In a spectacular setting outside the Devi temple on the foothills of Velliangiri, Alarmel Valli gives a performance that must have pleased the goddess
We sit on large floor cushions at Isha Yoga Center. There is pin drop silence as we watch thousands of oil lamps flickering on the temple walls behind the stage. We hear anklets and there she is, Alarmel Valli, flame-like in fiery orange and purple. What follows is a paean to Shakti. Valli's dance describes the goddess in all her glory — from creation to destruction, from the sensual to the sublime, from power to compassion — she is omniscient. Valli sparkles as she darts about the stage. She is a waterfall now, the full moon, the terrifying lightening, the dancing peacock… Her hands and feet describe a blooming lotus, the fluttering birds, the doe-eyed deer and the softly flowing stream.
The spell remains unbroken even when there is a brief technical glitch and the sound and lights go off. In the light of the oil lamps to the sound of the now-muted mridangam and flute, Valli's performance is even more riveting.
Valli's next performance celebrates Krishna. From a toddler who wants his mother Yashodha to bring down the tasty-looking moon for him to eat, to the handsome cowherd who has the gopikas fawning over him, from Radha's beloved to Kaaliya's vanquisher, Krishna is both accessible yet infinite, intimate yet cosmic. The performance is liberally sprinkled with verses from ancient texts, and Valli explains the meaning and significance of each one. Through dance, she beautifully captures the inflections, the moods, the emotions and the philosophy of each hoary composition.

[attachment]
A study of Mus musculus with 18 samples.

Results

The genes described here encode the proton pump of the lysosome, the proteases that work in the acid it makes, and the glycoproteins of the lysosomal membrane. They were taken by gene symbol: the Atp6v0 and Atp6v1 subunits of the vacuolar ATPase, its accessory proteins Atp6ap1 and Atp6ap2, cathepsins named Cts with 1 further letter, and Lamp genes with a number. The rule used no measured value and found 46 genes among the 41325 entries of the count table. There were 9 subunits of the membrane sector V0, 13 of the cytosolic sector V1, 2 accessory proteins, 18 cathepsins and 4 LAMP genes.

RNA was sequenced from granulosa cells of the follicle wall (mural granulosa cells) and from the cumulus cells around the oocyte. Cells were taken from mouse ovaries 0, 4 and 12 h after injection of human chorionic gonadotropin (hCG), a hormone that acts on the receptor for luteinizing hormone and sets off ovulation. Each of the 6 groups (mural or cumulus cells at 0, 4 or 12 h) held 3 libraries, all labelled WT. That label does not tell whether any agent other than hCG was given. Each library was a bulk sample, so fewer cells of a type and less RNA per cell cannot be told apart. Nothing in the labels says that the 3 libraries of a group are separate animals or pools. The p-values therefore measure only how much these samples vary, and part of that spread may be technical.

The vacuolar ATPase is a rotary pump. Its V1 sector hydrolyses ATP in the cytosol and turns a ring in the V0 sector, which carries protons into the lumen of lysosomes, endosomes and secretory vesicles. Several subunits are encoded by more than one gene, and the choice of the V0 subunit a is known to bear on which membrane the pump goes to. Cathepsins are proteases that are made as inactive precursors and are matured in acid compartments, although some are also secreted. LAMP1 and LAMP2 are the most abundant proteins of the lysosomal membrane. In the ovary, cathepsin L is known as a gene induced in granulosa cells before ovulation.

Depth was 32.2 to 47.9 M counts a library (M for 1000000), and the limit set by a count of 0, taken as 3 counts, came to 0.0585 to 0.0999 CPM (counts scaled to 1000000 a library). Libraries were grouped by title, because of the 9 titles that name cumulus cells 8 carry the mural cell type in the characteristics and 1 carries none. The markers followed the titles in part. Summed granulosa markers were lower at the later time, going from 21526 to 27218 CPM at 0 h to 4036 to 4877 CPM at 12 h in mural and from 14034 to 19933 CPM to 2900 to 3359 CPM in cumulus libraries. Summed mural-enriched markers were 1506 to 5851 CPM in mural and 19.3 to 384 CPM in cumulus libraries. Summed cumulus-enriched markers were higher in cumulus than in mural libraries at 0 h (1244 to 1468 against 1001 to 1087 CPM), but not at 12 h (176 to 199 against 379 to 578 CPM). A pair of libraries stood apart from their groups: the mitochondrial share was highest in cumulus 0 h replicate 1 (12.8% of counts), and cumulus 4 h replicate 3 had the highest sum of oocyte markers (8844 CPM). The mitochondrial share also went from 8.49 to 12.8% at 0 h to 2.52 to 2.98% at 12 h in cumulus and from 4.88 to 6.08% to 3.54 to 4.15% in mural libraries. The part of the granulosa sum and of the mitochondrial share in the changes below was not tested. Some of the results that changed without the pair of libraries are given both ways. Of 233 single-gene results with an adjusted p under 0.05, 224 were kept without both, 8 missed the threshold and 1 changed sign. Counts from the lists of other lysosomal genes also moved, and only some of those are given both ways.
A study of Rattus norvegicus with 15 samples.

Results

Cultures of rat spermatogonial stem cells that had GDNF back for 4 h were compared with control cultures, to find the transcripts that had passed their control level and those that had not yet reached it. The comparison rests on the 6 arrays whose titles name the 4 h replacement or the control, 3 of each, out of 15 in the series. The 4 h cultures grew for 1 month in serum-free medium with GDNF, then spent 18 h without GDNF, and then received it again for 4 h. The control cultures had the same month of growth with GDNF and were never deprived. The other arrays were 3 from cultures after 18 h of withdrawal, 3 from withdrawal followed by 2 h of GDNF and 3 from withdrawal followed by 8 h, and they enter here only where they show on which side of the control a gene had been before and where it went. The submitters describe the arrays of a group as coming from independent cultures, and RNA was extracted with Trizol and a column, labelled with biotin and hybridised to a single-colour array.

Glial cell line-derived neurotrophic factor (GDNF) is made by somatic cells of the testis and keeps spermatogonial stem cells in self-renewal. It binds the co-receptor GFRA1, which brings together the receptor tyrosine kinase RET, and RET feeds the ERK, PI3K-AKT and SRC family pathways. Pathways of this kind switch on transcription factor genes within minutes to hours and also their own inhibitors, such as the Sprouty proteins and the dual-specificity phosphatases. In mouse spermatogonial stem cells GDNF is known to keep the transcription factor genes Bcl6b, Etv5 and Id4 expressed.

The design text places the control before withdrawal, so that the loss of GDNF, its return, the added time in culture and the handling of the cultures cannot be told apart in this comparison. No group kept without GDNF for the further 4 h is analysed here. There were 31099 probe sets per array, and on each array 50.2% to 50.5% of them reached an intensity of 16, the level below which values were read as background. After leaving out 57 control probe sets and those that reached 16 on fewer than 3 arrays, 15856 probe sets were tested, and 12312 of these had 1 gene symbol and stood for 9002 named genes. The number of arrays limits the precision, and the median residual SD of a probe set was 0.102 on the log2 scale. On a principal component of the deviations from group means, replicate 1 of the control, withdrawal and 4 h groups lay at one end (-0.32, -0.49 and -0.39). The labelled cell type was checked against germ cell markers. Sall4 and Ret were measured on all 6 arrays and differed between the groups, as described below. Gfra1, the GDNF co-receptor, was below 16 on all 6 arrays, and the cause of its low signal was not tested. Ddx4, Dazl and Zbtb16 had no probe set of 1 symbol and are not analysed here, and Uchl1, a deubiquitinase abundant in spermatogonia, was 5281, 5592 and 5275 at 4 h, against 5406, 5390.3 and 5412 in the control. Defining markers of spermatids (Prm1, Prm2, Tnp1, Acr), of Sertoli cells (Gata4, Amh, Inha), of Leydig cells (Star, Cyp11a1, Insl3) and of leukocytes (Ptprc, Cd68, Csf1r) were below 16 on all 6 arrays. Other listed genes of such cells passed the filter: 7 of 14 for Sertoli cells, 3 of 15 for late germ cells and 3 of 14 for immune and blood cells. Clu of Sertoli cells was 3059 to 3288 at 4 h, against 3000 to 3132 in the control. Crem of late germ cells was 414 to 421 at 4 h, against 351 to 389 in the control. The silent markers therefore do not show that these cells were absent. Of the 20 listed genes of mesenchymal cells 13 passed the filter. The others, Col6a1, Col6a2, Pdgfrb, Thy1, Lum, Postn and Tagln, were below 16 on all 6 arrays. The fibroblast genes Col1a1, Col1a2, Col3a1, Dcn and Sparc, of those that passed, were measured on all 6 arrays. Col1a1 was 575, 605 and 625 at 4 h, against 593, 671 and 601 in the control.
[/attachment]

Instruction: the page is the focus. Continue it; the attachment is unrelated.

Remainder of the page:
There is one more treat in store for the audience. Valli dedicates it to Sadguru Jaggi Vasudev. It is a piece that is set to verse composed by Arundhathi Subramaniam. The poetess is present at the gathering and she reads out her poem. It is about a woman waiting for her lover. Arundhathi and Valli have collaborated on the piece, and the result is beautiful and evocative. Valli is at pains to point out that it is a contemporary poem, but her dance is wholly traditional.
Alarmel Valli's accompanying musicians were are C.K. Vasudevan on the Nattuvangam, Nandini Anand Sharma on the vocals, K.P. Nandini on the violin, Shaktivel on the Mridangam and Shruti Sagar on the flute. S.R. Murugan handled the lights.